Domestic lemon supplies look to be down somewhat, though quality is up.
Alex Teague of Limoneira based in Santa Paula, CA notes that harvest is approximately 90 percent finished in the Arizona desert crop and about 80 percent out of Coachella, CA. “The crop is about 28-30 percent down from last year. In the desert where the weather is volatile, it’s probably heat,” says Teague. “However, the grade outs have been much better than last year. 50-60 percent were Fancy and much better sizing.”
Alex Teague of Limoneira.
Production has also begun in the San Joaquin Valley, CA where quality also looks to be up. “With the lack of rain, etc, the crop could be four to seven percent percent down. It might be a bit more because there’s a lack of sizing so we’re doing a lot of size picking,” Teague says. But, he says, because the market is limited in North America currently, it offers some flexibility. “As we roll into late winter-early spring, the coastal California lemon, that crop seems to be very strong but very stretched out. It’s not very concentrated which is good. We can stretch the harvests out into spring and summer,” he adds.
Along with domestic supplies, Mexico is finishing up its crop which was also down. And depending on freight rates, Spanish lemons could also be making their way in. “Domestic freight rates are huge right now—they’re taking the refrigerated trucks offline and suiting them up for vaccine transportation and that’s giving rise to historic levels of wintertime freight rates. But it gives the ocean freight from Spain and the Mediterranean some advantage to the East Coast,” says Teague.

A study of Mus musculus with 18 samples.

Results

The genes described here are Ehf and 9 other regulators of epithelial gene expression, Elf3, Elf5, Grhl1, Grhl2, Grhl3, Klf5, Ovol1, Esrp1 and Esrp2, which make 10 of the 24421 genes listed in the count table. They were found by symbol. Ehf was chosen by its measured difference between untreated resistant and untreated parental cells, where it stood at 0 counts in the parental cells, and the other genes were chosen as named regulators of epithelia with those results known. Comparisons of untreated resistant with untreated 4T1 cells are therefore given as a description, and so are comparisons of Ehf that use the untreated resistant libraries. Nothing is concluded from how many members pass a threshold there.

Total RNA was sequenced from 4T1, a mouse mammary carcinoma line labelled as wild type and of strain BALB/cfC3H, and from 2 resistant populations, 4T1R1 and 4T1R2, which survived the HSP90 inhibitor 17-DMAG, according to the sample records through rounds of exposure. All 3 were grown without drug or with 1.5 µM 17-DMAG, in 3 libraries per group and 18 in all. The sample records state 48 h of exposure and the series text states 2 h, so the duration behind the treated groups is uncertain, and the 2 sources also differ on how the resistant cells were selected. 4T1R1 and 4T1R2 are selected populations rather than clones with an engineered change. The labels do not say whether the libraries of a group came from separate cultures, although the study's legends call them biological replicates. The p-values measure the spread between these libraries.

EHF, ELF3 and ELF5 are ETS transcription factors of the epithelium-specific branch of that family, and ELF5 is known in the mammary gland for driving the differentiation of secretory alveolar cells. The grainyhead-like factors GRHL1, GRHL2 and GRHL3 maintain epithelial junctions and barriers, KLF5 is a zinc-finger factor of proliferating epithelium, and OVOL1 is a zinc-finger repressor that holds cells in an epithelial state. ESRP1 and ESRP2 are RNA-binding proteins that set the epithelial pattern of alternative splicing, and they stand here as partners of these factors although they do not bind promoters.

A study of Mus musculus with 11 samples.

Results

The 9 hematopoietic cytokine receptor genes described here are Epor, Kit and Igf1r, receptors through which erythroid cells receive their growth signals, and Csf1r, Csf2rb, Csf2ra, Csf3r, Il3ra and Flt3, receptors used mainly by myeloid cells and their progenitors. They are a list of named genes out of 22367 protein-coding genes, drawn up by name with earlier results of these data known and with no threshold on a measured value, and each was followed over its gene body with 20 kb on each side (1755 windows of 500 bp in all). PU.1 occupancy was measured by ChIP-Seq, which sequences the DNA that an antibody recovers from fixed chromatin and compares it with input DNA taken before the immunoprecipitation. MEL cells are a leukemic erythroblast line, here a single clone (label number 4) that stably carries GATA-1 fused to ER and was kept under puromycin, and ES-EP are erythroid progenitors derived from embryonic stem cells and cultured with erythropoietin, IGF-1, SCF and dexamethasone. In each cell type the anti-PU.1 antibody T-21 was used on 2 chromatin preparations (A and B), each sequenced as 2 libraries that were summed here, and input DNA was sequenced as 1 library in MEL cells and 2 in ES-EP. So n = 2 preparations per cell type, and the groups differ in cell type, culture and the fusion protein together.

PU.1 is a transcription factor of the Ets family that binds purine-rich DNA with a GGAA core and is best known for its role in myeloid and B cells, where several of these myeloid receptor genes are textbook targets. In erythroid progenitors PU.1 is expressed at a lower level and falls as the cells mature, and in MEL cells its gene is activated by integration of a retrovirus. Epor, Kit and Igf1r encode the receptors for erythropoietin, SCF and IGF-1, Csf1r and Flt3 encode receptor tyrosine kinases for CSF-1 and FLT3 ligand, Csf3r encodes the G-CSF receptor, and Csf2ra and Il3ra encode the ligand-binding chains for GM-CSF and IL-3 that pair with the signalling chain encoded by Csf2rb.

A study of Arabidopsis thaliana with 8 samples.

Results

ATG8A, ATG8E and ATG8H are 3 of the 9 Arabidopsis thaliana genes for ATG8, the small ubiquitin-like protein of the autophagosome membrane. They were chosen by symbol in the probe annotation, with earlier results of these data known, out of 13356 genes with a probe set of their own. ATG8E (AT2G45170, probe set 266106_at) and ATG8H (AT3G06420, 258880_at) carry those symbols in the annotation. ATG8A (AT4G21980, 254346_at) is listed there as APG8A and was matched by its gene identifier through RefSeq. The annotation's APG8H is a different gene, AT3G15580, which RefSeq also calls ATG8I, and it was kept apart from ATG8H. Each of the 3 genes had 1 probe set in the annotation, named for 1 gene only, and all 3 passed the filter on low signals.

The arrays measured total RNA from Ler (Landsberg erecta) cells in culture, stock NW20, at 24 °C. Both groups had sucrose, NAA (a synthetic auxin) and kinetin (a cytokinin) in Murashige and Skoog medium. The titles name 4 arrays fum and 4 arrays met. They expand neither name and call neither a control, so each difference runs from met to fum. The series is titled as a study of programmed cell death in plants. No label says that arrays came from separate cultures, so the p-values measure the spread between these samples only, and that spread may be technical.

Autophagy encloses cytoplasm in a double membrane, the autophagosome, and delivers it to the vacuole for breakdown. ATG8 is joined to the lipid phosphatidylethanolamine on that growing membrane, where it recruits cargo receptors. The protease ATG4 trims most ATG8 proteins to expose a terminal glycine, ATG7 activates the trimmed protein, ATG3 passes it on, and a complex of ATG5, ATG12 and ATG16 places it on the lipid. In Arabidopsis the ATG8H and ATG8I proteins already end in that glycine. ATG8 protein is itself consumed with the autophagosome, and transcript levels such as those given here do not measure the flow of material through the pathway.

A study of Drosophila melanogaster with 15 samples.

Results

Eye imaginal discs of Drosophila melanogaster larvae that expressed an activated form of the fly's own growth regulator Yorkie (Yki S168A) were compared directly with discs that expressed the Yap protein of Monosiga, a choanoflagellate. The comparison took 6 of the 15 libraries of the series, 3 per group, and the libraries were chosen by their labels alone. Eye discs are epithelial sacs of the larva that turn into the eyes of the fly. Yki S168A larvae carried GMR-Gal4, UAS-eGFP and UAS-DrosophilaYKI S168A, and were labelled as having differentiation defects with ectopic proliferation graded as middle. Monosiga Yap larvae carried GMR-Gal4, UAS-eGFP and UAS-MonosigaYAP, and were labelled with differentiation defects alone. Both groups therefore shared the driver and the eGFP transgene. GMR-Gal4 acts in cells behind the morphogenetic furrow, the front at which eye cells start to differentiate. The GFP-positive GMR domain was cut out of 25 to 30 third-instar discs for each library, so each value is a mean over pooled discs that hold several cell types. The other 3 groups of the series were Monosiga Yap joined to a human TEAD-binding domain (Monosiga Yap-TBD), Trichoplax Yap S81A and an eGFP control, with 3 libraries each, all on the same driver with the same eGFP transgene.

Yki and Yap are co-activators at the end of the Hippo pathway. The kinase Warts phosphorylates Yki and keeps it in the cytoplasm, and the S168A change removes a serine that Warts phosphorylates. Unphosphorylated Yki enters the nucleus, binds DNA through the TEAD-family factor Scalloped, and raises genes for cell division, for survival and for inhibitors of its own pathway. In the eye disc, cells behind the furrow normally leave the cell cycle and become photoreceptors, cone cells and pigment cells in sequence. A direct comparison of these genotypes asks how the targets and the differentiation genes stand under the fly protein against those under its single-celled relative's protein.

Export pushing demand
Meanwhile on demand, Teague says it’s moving through the crop mostly because it’s going through export markets to countries where society has resumed some sort of normalcy again. “Asia has been very strong as has Australia. We’ve even started shipments into South America already and then there’s the domestic market as well,” he says.
Domestically, he says North American demand has been “an absolute roller coaster ride.” “Depending on who you talk to, foodservice makes up about 60-65 percent of lemon use and that’s been largely shut down,” Teague says. “We’ve been missing between 150-200,000 cartons of sales a week due to the restaurants being shut down. It’s not just total volume but also the sizes they take—they take medium and small fruit. With no retail option, they’re generally going straight to juice.”
On retail, lemons did see a boost in demand between 28-35 percent. “However, in the last month or so it’s slowed down and it’s now only about three to five percent above last year’s levels,” he says.
As for pricing, the small crops have allowed growers and shippers to maintain decent pricing. “Our pricing levels are running along at semi-normal due to the lack of volume,” Teague adds.